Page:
Study: Small Items Lead Online Sales



The study, which was conducted by Aegis' Elrick & Lavidge Marketing Research division, Atlanta, examined consumer behavior in 20 different categories of goods sold on the Internet, and found that books, music, software, and travel and computer items represented more than half -- 52 percent -- of the merchandise purchased online. Web sites that sell durable goods such as cars, home decor and computer hardware are more likely to be used for research before consumers make offline purchases.


"While consumers are not actually making their final purchases online in these categories, they find the Web sites immensely useful," said Dr. Ilene Lanin-Kettering, senior vice president at Elrick & Lavidge. "A vast majority of consumers who browsed online before making a purchase through traditional channels said that browsing online was very or generally helpful to them in making their final purchase decision. It is an information-laden vehicle which creates a more informed consumer when actually going to a traditional store to fulfill."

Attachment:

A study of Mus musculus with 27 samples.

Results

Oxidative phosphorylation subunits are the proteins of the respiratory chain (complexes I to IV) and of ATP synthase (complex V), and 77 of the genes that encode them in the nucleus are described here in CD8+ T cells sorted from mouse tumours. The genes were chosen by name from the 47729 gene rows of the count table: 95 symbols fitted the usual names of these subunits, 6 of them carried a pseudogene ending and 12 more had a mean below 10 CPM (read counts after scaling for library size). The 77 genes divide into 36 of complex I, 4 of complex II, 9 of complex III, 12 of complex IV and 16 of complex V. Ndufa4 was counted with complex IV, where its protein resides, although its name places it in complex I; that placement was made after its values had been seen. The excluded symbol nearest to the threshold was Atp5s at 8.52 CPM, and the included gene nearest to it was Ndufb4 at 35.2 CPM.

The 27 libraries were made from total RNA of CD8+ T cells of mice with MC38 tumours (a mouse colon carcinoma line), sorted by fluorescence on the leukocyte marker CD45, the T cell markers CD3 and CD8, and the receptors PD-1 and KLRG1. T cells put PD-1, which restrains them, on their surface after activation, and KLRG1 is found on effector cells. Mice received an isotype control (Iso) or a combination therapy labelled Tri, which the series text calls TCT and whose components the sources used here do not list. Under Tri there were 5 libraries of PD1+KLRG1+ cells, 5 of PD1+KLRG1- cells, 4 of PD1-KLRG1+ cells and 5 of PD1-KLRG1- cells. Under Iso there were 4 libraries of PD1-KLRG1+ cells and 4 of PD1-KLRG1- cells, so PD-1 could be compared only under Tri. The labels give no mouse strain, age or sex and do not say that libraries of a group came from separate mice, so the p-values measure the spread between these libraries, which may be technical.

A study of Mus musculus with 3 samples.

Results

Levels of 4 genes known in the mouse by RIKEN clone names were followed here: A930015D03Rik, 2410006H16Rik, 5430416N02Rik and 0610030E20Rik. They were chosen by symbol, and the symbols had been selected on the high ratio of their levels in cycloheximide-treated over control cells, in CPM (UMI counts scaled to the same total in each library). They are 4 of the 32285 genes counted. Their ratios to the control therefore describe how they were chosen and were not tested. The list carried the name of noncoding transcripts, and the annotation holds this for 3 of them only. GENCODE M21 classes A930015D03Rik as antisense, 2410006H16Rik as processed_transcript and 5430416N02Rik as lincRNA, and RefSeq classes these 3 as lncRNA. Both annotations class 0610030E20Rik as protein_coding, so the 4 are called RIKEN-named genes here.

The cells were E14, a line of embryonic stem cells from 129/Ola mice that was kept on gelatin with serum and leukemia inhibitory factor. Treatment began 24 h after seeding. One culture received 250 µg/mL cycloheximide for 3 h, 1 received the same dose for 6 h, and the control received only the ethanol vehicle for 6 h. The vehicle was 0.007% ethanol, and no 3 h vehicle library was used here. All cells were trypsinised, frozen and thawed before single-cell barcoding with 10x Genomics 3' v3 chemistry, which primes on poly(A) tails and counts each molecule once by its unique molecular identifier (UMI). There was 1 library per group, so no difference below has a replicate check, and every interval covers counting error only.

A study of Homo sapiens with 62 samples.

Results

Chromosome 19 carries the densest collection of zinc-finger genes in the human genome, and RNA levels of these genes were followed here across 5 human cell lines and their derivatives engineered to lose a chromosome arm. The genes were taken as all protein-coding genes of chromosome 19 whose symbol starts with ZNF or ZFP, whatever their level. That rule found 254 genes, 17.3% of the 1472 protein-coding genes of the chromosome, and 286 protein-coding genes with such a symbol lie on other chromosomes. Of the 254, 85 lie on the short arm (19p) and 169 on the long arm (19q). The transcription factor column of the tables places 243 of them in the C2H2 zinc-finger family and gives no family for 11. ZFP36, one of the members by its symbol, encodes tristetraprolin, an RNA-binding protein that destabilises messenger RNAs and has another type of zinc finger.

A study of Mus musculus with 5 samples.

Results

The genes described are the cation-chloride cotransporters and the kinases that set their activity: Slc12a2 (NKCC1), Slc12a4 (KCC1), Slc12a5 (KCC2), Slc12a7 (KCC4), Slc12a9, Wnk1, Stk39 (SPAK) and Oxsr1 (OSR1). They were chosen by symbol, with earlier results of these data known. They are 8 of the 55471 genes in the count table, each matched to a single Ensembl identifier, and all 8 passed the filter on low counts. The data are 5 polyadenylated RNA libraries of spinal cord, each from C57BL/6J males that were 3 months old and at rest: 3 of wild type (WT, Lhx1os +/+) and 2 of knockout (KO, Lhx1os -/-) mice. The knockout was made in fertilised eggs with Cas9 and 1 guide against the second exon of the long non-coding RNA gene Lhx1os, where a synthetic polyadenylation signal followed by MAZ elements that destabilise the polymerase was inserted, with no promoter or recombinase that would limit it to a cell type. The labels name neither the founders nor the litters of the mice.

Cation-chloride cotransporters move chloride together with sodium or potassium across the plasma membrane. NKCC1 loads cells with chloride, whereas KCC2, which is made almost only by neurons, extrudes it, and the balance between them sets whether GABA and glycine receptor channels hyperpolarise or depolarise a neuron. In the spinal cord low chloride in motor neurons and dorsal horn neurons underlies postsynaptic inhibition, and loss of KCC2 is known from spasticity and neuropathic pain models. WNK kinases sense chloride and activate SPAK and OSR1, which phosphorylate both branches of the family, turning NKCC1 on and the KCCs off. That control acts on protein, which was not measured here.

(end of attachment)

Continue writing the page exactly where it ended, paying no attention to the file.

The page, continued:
Online browsing leads to an offline purchase 61 percent of the time, and 35 percent of those who make purchases offline buy from the traditional channel of the Web site they had looked at for the information, Kettering said.


The study, Re-Tailing: Changing the Shopping Channel, found more than 25 percent of shoppers expect to purchase goods online over the next year. Most of those are already online, but 12 percent of those who do not shop online said they planned to make an online purchase.